An LA Times article about a First African Methodist Episcopal Church pastor (who according to the article has committed a substantive number of illegitimate and possibly illegal actions) has me wondering what it is about faith-centered (church) hierarchies that makes it so difficult to both recruit, select, monitor and retain "fully honest and loyal" employees.
Of course, I am not singularly thinking about the leader profiled in this specific article, but rather I am thinking about pastors from a number of denominations throughout the country and the world. I acknowledge that faith-centered nonprofits are not the only place where these challenges occur. But there are differences between faith-centered and non-faith centered organizations that may help explain why faith-centered organizations may experience these travails more often.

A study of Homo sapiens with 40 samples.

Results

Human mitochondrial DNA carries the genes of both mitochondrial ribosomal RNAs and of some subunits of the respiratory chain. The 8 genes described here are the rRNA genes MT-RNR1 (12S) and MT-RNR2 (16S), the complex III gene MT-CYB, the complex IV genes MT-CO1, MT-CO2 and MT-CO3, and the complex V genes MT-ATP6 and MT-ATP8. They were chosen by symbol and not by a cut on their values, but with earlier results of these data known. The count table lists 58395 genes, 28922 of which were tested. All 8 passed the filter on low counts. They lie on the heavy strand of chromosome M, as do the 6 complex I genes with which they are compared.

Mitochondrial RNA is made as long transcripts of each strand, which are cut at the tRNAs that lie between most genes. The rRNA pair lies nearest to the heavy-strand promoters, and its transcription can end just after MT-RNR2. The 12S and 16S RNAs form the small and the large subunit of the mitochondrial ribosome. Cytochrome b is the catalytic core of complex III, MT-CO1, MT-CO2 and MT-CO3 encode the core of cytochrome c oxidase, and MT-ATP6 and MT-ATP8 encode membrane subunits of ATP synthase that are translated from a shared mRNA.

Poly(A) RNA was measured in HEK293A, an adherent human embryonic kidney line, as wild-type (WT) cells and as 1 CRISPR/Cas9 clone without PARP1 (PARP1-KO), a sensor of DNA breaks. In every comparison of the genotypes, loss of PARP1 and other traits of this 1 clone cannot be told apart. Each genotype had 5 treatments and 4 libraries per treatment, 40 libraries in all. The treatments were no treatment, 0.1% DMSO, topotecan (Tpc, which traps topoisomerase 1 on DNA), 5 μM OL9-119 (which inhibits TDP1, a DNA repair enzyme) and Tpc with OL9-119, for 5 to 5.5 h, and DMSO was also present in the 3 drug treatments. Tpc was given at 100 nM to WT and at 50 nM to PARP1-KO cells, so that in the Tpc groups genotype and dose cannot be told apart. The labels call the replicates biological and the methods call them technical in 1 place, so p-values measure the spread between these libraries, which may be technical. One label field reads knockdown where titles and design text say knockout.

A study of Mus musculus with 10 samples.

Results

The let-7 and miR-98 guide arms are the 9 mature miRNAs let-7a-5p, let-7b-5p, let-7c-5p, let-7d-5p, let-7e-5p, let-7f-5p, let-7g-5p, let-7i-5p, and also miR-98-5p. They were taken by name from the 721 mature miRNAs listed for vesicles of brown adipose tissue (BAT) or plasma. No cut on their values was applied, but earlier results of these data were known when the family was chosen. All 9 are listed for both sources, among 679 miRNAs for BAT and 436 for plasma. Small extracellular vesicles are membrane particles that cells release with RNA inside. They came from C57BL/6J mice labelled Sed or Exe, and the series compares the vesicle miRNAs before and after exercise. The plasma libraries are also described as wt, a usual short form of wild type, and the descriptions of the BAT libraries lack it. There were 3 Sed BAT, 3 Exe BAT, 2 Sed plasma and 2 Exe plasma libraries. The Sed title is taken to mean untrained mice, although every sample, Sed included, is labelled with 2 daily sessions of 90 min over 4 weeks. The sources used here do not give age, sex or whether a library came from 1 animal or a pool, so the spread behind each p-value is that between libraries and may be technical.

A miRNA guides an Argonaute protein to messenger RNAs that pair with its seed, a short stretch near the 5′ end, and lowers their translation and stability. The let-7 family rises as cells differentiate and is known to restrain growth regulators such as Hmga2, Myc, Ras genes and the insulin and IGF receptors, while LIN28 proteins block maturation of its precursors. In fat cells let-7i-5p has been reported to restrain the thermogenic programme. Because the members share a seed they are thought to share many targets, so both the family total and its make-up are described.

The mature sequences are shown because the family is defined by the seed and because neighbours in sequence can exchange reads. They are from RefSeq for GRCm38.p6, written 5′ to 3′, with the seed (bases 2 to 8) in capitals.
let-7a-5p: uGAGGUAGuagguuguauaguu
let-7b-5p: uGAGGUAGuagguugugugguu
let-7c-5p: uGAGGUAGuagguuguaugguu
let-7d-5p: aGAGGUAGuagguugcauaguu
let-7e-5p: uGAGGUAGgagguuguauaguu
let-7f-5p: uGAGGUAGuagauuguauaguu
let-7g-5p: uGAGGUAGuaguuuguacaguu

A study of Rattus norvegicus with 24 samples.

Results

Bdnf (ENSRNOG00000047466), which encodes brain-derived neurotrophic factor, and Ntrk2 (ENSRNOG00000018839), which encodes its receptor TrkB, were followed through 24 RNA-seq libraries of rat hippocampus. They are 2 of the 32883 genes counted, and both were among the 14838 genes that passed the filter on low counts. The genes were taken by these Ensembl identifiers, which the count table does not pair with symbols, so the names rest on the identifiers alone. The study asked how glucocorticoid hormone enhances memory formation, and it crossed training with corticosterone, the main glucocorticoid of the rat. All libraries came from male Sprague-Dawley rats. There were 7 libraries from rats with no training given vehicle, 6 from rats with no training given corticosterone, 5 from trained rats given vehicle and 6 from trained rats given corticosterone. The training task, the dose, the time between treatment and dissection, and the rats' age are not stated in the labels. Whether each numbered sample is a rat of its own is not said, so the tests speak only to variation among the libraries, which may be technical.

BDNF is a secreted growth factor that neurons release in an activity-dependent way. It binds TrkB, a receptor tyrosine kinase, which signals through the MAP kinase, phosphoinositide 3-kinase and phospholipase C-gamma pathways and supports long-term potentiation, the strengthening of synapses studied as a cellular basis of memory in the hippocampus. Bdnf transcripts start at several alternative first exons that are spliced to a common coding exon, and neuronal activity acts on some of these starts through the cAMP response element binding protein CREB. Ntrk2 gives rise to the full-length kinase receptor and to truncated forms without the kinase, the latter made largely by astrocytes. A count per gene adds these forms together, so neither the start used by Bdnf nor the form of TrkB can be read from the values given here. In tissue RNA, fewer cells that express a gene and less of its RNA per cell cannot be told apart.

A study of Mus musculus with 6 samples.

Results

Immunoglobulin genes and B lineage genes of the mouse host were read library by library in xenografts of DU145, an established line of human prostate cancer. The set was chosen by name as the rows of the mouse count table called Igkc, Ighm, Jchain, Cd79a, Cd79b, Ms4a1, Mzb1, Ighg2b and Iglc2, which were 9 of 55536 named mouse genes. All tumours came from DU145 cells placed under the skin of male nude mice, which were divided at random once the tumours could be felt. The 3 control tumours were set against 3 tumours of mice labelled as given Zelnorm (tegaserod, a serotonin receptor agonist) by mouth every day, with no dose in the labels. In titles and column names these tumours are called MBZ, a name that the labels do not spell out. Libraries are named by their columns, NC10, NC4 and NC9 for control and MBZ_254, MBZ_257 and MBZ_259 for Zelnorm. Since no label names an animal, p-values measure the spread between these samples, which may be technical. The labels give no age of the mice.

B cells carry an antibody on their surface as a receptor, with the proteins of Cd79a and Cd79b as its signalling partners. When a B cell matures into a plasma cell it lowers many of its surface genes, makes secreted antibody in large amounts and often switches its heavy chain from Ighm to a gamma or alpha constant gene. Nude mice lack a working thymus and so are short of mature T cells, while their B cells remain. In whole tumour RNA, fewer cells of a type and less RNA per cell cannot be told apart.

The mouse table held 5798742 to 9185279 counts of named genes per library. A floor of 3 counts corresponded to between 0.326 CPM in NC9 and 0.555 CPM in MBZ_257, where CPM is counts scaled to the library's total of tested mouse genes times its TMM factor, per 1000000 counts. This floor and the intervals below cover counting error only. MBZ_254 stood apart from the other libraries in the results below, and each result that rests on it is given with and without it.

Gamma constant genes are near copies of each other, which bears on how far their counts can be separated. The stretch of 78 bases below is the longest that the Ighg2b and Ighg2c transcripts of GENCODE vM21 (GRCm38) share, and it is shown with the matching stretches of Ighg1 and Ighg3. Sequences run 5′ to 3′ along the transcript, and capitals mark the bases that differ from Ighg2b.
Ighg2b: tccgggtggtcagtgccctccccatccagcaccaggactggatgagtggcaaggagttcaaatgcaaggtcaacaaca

For sure, where boards are comprised of volunteers, with authority, there is the possibility that oversight of the overseers is deeper and wider both in knowledge and experience ensuring sound policy and evaluation. Also, in faith-centered nonprofits, it is not uncommon that what rises those with authority over pastors is not their management, planning and evaluation strengths but their example as individuals who have lived their faith and loyalty really well. And, training in human resource management or development is not noramally required from or provided to those who serve.
But the one area that is more of a puzzlement and challenge that doesn't explain the susceptibility of faith-centered organizations to incidences of pastors gone awry, is what moves all these folks to their positions in the first place: core values. Like the Scouts or Colleges, and certainly even more so with faith-centered groups, my expectations is that members will hold their leaders accountable to the group's core values and personal standards of integrity, which should keep pastors from running amok.